By EMILY GROTTLE
On the surface, the magical game of Quidditch from J.K. Rowling’s “Harry Potter” series may seem impossible to play in real life. But here at the University of Mary Washington, it is. Students practice and compete in tournaments against other colleges like any other sport.
Played on the ground with a PVC pipe constantly between one’s legs, Quidditch is a full contact co-ed sport that is a mixture of rugby, handball, football and other sports, and is played on a hockey-rink sized field. The game involves five balls including the snitch, and seven players from each team competing to score the most points in the three hoops set up at either end of the field. The game is over when the person carrying the snitch is caught.
The UMW Quidditch team is just one of the many teams in Virginia, around the United States and worldwide. Although it is a young sport, first played in 2005, it has gathered huge popularity among colleges and universities. Senior political science major Zachary Truex is one of the captains of the team and plays as a chaser and a seeker. “I decided to join the team with the influence of friends and because I thought it would be fun,” said Truex, who is in his second year with the team. “This semester has been a rebuilding phase for us. We lost a lot of seniors after graduation, but I have confidence that the team will be built back up – there’s a lot of promise from the newer players.”
Freshman English major Katie Hartraft is one of those promising new players. Playing as a chaser and keeper, this is her second semester playing for the team. “I was really excited when I found out that UMW had a Quidditch team,” Hartraft said. “I even looked up how to play the sport and read the rule book before I was on the team.” Hartraft said she likes the intensity of the sport, “I wish more people knew about our team. It really is a lot more aggressive than many people think.”
The sport can be played with the physical intensity of a rugby game at the highest levels, which many who join the team were not originally aware of.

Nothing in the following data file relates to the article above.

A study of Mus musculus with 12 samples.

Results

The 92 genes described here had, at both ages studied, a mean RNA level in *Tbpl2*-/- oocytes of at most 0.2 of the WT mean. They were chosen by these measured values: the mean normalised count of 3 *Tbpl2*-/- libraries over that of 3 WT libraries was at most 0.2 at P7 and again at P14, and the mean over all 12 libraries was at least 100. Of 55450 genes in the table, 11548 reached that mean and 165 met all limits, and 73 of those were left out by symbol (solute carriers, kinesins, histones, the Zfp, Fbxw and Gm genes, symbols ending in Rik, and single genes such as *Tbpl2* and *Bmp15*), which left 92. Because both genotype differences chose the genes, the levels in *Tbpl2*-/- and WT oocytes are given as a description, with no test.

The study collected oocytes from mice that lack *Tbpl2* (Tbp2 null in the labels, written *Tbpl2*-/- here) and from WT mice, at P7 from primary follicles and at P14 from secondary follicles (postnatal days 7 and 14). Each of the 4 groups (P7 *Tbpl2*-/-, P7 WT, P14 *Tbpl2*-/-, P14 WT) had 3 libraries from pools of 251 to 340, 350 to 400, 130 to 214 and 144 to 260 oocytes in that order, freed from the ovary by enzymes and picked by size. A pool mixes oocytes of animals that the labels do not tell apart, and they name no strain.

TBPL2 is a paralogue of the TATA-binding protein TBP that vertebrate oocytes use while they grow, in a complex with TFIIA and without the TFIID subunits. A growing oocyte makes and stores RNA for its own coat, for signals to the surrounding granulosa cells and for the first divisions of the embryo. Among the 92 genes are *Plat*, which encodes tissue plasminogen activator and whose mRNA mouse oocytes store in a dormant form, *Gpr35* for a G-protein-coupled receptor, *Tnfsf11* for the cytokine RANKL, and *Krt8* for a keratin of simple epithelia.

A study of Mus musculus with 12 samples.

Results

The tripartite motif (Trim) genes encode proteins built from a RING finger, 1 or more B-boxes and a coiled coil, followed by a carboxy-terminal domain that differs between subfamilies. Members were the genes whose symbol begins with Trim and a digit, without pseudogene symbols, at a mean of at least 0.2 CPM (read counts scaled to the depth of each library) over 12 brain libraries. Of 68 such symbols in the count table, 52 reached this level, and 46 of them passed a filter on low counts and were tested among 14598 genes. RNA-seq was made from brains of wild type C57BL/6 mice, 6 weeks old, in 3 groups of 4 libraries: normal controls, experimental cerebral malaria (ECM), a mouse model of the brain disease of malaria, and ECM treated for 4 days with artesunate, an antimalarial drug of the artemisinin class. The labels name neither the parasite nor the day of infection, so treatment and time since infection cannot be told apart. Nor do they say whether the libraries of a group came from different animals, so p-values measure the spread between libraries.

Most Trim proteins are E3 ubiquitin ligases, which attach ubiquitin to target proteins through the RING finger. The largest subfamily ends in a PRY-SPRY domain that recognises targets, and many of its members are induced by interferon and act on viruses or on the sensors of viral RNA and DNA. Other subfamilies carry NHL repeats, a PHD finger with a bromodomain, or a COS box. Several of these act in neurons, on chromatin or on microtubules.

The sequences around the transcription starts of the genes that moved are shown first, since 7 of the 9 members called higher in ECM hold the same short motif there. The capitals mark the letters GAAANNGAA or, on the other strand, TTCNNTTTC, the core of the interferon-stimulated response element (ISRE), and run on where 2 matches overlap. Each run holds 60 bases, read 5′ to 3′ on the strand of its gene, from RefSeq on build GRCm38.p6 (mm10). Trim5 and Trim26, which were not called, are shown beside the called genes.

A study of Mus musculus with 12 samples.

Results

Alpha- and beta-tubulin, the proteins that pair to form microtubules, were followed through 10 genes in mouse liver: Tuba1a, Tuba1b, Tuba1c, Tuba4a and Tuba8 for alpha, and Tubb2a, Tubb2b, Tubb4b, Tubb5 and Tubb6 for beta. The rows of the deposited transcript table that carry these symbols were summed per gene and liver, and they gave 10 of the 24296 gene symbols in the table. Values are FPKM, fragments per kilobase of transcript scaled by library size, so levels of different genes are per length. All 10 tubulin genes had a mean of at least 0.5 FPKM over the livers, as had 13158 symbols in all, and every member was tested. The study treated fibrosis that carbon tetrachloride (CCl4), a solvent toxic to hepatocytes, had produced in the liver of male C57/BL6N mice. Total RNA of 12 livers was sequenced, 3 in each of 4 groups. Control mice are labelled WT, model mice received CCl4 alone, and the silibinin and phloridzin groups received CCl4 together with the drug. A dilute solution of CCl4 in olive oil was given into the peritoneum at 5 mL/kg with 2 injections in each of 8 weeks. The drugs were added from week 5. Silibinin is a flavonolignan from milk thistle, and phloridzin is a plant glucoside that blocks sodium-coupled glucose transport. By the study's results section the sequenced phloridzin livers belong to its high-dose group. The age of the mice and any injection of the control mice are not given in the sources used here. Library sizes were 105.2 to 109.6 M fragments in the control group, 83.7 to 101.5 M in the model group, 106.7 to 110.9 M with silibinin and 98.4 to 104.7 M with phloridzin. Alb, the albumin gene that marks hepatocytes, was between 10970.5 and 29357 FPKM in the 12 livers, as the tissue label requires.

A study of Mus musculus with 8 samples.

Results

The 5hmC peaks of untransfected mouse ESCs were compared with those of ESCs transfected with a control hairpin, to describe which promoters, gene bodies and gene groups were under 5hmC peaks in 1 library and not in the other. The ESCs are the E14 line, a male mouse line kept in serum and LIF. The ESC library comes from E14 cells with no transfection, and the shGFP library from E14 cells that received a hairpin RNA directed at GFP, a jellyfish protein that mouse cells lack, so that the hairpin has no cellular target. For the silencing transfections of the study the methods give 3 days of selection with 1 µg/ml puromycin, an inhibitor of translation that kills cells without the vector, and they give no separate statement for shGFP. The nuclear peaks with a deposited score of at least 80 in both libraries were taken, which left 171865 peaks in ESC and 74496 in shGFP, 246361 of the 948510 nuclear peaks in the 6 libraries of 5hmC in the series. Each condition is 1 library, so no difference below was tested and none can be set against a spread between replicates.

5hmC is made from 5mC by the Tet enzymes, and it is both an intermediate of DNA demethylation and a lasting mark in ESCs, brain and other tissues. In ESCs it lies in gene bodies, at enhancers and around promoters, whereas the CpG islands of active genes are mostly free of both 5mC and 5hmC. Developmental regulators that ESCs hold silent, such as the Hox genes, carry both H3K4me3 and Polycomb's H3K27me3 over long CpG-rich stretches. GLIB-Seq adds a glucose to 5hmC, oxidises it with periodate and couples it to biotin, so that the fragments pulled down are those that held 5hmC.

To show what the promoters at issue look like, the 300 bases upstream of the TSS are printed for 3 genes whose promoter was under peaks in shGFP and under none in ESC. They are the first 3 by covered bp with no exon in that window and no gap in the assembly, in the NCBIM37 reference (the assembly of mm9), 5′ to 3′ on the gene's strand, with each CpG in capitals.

“I wasn’t expecting Quidditch to be so physically rigorous and serious,” said junior biology major David Reith, who has been playing since his freshman year. Reith also plans on joining the Richmond Ravens, which is a community Quidditch team based out of Richmond, Virginia. Senior Spanish major and Quidditch team captain Lauren Meyer plays for the Ravens right now. “Being on a community team is the next level up from a college team,” Meyer said. “After that is Major League Quidditch.”
With two tournaments coming up for the team, Meyer is dedicated to building the team up. “I’m focusing on really explaining the sport to the newer players,” she explains. So far this year, the team has been to one tournament where they beat the William & Mary team and came very close to beating Salisbury. “I love being a captain because I love this sport and it is the most inclusive community I’ve been a part of,” Meyer said. “The sport is diverse and gender inclusive, and as long as you are willing to put in the work you will excel.”
Even though the sport may seem different on the outside, the level of play is quite intense and has a growing popularity, and the UMW Quidditch team is a dedicated group of students who have a genuine love for the sport and a strong respect for their fellow teammates. So before you assume that Quidditch is only a fictional sport, take a look at your UMW team, and you will see the intense level of play and dedication.